What we're actually talking about is cosmic rays, which are matter particles (mostly protons), not any kind of electromagnetic radiation. Those generally slam into something in the atmosphere, producing showers of secondary particles. Occasionally some of these make it to the ground. The article mentions neutrons, but these seem to be mostly muons.

Of course Bruce Perens, to whom you replied, was talking about the radio waves from HAARP, which was mentioned by the OP.

Comment Re:Linus is a dumb ditch digger (Score 1) 356

Mmmm... Ajax is a pretty standard client request to a server for information. The "innovation" is cramming it into the framework of javascript and a web browser.

I finished my CS degree a long time before Ajax existed and we certainly did a lot of asynchronous communication with other computers. Except we used sockets and threads and everything was pretty obvious.

Comment Re:Finally (Score 2) 356

Funny, I think you hit the nail on the head, except used it to support entirely the wrong conclusion. All those useless app companies tout their "innovation." They have some mediocre idea and flog it to death.

The real innovators are the ones who have an idea then go and execute it really, really well. Linus didn't say innovation was worthless, he said it was a minor part of the whole; just the starting point.

Comment Re:Finally (Score 2) 356

No. Good. Linus is competent. It's a shame when competent people get wasted in management. If more of them were loudmouths the world would be a better place. Perhaps a good enough place that we'd view managers as low level employees whose job is to take care of the mundane crap so the competent people weren't bothered by it.

Yes, I am also disqualified from management or public office.

Comment Re:Not likely to help diagnosis (Score 1) 118

It doesn't usually work like that. The FDA is (quite rightly) suspicious of putative surrogate measures in clinical trials. It takes a lot of work to actually get something like an imaging metric accepted as a surrogate and validated as a primary outcome, and very few have been.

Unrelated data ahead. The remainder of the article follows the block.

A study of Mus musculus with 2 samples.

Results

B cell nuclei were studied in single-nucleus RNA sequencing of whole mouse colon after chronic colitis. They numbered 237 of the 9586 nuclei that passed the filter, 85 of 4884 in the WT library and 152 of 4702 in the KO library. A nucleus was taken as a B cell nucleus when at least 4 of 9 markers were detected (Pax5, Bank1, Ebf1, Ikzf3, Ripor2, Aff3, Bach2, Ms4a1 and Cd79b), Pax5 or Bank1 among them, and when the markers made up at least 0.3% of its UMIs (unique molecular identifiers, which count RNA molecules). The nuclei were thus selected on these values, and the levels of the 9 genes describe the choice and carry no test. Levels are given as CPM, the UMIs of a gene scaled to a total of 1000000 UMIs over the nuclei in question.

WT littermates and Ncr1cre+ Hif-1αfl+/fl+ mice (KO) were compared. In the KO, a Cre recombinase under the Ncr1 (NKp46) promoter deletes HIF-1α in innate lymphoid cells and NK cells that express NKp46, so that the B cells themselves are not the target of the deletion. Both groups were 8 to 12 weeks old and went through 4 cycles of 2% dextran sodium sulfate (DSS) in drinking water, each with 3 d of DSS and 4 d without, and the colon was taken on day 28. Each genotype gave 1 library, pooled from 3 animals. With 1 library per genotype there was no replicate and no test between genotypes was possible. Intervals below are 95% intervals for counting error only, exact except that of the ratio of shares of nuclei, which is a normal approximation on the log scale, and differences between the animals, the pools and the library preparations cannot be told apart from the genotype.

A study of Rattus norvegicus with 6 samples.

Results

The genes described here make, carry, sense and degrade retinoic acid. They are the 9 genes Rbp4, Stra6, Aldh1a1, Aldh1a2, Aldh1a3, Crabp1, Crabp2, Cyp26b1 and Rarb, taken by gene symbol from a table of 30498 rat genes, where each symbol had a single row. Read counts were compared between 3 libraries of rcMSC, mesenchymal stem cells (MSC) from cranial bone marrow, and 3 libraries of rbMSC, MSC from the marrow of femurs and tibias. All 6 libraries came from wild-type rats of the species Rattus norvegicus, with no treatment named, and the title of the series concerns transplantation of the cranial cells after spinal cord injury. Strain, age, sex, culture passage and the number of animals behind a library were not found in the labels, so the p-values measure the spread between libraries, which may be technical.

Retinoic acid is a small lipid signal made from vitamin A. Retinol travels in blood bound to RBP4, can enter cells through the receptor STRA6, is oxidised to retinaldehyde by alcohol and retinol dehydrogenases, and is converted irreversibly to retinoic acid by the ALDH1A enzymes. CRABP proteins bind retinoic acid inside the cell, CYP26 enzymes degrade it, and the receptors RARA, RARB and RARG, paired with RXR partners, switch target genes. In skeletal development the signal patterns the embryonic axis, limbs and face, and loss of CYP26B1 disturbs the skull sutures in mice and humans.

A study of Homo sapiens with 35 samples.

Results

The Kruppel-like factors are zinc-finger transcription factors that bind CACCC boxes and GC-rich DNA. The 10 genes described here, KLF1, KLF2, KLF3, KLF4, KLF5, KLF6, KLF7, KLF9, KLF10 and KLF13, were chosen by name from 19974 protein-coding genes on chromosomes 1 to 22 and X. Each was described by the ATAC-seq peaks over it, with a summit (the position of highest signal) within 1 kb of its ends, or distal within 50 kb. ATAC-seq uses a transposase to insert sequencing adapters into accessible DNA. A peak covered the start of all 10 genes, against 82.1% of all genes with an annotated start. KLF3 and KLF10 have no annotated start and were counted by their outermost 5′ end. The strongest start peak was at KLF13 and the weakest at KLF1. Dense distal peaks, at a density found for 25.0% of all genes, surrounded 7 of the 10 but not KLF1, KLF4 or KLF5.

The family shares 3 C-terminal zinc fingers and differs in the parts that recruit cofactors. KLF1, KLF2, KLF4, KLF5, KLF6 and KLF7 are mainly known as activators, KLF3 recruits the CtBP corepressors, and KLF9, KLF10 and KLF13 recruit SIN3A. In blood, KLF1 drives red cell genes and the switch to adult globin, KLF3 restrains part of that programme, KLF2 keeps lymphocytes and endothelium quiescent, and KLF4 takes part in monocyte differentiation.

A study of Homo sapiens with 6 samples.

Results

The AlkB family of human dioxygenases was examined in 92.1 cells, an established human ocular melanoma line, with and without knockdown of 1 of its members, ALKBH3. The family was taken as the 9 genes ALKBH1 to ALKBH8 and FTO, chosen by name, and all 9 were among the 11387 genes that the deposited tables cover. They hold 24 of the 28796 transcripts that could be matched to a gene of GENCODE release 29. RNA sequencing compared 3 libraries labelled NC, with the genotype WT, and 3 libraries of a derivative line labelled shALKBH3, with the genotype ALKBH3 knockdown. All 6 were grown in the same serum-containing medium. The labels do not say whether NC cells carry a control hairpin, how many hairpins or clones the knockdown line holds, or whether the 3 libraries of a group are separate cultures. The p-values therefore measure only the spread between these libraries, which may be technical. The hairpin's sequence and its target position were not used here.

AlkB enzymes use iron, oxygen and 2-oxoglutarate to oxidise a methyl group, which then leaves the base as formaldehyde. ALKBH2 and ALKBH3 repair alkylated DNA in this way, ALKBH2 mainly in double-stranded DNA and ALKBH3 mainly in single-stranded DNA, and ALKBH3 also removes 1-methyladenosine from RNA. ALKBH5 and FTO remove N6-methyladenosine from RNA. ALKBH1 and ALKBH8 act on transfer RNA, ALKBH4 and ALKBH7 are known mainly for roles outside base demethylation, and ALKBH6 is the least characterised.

This study provides clues about what exactly autism is and when it starts. Its interesting scientifically, and having something you can image will help immensely for scientific studies, just as you describe.

Comment Re:The US failed to ratify the Geneva Conventions. (Score 3, Informative) 142

The Geneva convention and it's relatives and predecessors have been enforced. Yes, it tends to be after the fact, but the war crimes tribunal hasn't had a lack of work. The international community does tend to enforce the rules, either directly or via sanctions, and it appears to have had a major effect in the world.

It's really only a big problem with the offenders are Russia, the US or China. Even then, those powers are hesitant to break international law directly: see for example the US dissembling over the use of torture.

Comment Re:Important milestone (Score 1) 164

There was a story on Slashdot a while ago about the world's largest hedge fund replacing their fund managers with computers. That's not really that impressive though, since many studies have shown you can replace fund managers with monkeys flipping coins and get the same performance.

Many of the best learning systems are currently taught in an unsupervised way. They're fed stimuli and form their own internal model. Finally they're given a minimum of supervised training. Like a baby gazing around at the world for a few years then being told that the fluffy four legged thing is called a cat.